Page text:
Japanese Prime Minister Yoshihiko Noda said Japan remains committed to a peaceful solution to territorial disputes in the South China Sea.
"Japan remains committed to dealing with any outstanding issues in a calm and peaceful manner," Noda said at a meeting of political leaders in the Cambodian capital Phnom Penh.
Noda said Japan is promoting a "mutually beneficial relationship based on common strategic Interest," a report by the Japanese news agency Kyodo said.
International law in resolving territorial rows in the South China Sea should be paramount, he told delegates to the Association of Southeast Asian Nations meeting.
The Kyodo report said Noda's remarks reflect Japan's vigilance of China's rapid naval expansion in resource-rich Asian waters, an issue which should be a "common concern for the international community."
He also stressed that the Japan-China relationship is "one of the most important bilateral relationships for Japan."
But that relationship has come under increasing political tension in the past year as Beijing and Tokyo sustain a war of words over Japan's control the Senkaku Islands, called the Diaoyu Islands by the Chinese.
Ownership of the Senkakus, as with other disputed islands in the South China Sea, brings with it rights over the increasingly important oil and natural gas fields on the seabed, as well as fishing rights.
Japan and China have had high-level talks over the islands amid wary Japanese naval patrols around the rocky outcrops 100 miles north of Japan's Ishigaki Island.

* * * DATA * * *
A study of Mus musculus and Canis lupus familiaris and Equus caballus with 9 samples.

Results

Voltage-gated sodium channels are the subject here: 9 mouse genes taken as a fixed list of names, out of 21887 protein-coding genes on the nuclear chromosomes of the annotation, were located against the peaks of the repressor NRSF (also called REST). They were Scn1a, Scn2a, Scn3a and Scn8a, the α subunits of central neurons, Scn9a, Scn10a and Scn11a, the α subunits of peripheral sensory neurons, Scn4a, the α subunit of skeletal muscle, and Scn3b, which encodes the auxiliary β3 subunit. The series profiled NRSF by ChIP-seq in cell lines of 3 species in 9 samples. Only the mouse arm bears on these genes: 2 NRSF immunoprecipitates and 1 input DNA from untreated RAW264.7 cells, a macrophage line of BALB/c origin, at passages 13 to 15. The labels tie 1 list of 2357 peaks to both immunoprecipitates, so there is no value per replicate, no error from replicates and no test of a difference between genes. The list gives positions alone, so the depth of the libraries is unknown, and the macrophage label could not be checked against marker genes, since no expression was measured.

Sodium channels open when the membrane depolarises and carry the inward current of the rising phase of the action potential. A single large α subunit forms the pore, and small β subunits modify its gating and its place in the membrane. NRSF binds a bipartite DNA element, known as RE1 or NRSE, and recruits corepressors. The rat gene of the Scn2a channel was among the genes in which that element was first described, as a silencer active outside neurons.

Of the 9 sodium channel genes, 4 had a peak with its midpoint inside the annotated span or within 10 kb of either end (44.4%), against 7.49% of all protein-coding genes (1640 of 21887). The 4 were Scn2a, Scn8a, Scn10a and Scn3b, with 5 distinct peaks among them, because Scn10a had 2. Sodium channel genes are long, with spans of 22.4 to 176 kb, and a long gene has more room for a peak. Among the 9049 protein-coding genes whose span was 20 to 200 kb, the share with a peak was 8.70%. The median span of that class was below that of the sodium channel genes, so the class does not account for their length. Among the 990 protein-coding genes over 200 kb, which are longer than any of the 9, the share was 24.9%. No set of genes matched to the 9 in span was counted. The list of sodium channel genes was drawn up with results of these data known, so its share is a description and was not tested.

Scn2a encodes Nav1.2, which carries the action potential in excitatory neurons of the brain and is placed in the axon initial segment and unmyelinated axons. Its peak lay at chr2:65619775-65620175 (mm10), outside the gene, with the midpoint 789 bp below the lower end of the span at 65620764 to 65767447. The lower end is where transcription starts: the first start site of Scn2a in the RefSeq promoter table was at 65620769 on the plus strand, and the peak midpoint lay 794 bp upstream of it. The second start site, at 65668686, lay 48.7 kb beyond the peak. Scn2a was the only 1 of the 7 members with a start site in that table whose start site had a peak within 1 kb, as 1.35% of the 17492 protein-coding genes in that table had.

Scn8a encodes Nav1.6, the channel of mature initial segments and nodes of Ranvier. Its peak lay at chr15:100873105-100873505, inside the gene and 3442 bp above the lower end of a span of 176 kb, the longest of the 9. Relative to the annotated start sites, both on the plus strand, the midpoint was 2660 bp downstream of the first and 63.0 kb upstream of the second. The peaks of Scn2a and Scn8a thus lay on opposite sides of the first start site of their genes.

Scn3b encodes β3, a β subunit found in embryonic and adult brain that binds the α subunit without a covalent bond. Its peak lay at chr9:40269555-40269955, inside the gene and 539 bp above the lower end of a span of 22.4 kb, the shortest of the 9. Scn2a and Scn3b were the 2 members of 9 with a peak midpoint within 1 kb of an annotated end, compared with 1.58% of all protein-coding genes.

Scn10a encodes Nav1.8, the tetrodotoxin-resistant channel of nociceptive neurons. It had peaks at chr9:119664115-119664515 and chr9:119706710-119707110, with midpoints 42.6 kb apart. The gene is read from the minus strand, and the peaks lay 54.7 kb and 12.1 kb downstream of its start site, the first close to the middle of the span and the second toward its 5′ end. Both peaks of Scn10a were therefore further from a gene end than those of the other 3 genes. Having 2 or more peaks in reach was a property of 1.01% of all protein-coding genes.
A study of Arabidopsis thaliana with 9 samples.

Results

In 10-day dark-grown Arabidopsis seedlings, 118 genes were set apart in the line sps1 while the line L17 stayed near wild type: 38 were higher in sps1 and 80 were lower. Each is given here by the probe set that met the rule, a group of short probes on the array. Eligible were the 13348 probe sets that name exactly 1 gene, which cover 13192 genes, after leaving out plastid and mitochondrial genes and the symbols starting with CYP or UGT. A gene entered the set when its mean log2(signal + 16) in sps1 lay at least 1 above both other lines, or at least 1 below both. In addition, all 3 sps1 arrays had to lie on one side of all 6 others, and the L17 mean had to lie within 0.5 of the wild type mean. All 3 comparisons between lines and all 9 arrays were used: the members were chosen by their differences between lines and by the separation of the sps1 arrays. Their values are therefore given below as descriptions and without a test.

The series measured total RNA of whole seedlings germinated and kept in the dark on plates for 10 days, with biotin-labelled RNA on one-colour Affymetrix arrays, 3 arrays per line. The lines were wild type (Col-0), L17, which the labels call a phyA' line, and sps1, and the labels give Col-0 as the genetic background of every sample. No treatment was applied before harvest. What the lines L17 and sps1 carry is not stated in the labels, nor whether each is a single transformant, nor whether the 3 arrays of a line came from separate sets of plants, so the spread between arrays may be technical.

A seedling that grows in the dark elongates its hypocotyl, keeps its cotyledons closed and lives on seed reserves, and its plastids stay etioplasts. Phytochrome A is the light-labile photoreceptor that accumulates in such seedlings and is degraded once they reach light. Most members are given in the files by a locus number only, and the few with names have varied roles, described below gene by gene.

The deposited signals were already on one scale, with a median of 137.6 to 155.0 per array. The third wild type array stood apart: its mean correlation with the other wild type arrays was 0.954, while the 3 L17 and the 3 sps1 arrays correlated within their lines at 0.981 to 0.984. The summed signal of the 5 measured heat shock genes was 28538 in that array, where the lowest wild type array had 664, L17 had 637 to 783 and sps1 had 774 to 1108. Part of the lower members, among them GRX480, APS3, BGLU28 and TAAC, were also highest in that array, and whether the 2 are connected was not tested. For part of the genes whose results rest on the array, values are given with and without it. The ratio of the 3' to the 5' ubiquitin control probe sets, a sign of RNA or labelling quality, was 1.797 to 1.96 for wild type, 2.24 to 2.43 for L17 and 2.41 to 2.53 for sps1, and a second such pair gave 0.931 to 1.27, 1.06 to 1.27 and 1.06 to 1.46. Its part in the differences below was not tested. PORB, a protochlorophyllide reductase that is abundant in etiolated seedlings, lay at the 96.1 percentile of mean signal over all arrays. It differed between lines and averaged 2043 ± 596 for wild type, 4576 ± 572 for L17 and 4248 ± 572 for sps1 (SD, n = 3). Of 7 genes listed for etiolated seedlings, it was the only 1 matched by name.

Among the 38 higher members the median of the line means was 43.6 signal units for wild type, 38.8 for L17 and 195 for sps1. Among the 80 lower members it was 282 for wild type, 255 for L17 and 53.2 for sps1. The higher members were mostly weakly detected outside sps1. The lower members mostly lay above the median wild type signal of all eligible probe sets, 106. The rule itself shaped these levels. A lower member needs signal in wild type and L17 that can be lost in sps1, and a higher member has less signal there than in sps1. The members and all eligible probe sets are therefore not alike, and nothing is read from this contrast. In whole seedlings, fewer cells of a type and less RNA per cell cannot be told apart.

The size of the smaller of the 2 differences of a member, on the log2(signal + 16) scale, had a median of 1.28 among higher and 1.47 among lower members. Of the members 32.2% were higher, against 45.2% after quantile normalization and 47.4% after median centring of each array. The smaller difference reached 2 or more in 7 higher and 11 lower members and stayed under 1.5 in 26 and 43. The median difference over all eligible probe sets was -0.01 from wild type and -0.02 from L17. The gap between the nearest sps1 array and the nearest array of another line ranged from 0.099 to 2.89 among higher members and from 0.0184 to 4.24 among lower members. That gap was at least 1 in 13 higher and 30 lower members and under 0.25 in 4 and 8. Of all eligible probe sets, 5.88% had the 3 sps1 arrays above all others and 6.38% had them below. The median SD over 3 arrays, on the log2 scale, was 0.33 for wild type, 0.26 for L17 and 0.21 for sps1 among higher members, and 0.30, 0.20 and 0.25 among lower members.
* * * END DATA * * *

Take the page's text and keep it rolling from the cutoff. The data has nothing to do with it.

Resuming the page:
Japan has complained of increasing incursions by Chinese patrol vessels and fishing boats into territorial waters around the islands.
Relations between Tokyo and Beijing have been strained particularly since Noda's government purchased some of the uninhabited islets from their Japanese owner in September.
Beijing complained about the purchase immediately before and after the deal had been signed.
"The Japanese government single-mindedly took the action of illegally purchasing the Diaoyu Islands, which is a gross violation of China's territorial sovereignty and hurt the Chinese people's feelings," a Chinese foreign ministry spokesman said at the time.
The Senkaku Islands are claimed also by Taiwan, which, like Japan and China, isn't a direct member of ASEAN.
ASEAN members are Brunei, Cambodia, Indonesia, Laos, Malaysia, Myanmar, the Philippines, Singapore, Thailand and Vietnam. China and Japan as well as South Korea, India, Australia and New Zealand are regional partners of ASEAN.
Japan aims to host a special summit with ASEAN leaders next year to coincide with the 40th anniversary of the Japan-ASEAN relationship, the Japanese Foreign Ministry said.
Also at the ASEAN meeting, U.S. President Barack Obama met Cambodian Prime Minister Hun Sen in what one White House official said could be described as an intense meeting.
The two leaders spent most of their meeting at the Peace Palace discussing human rights, said Ben Rhodes, U.S. deputy national security adviser.
Cambodia is the last leg of Obama's three-country tour that started in Thailand then progressed to Myanmar.
In Yangon, Myanmar, Obama said the road to democracy is a challenge but Myanmar is an example for the world.
"I stand here with confidence that something is happening in this country that cannot be reversed and the will of the people can lift up this nation and set a great example for the world," Obama, the first U.S. president to visit Myanmar, told about 1,500 people at the University of Yangon.
"And you will have in the United States of America a partner on that long journey."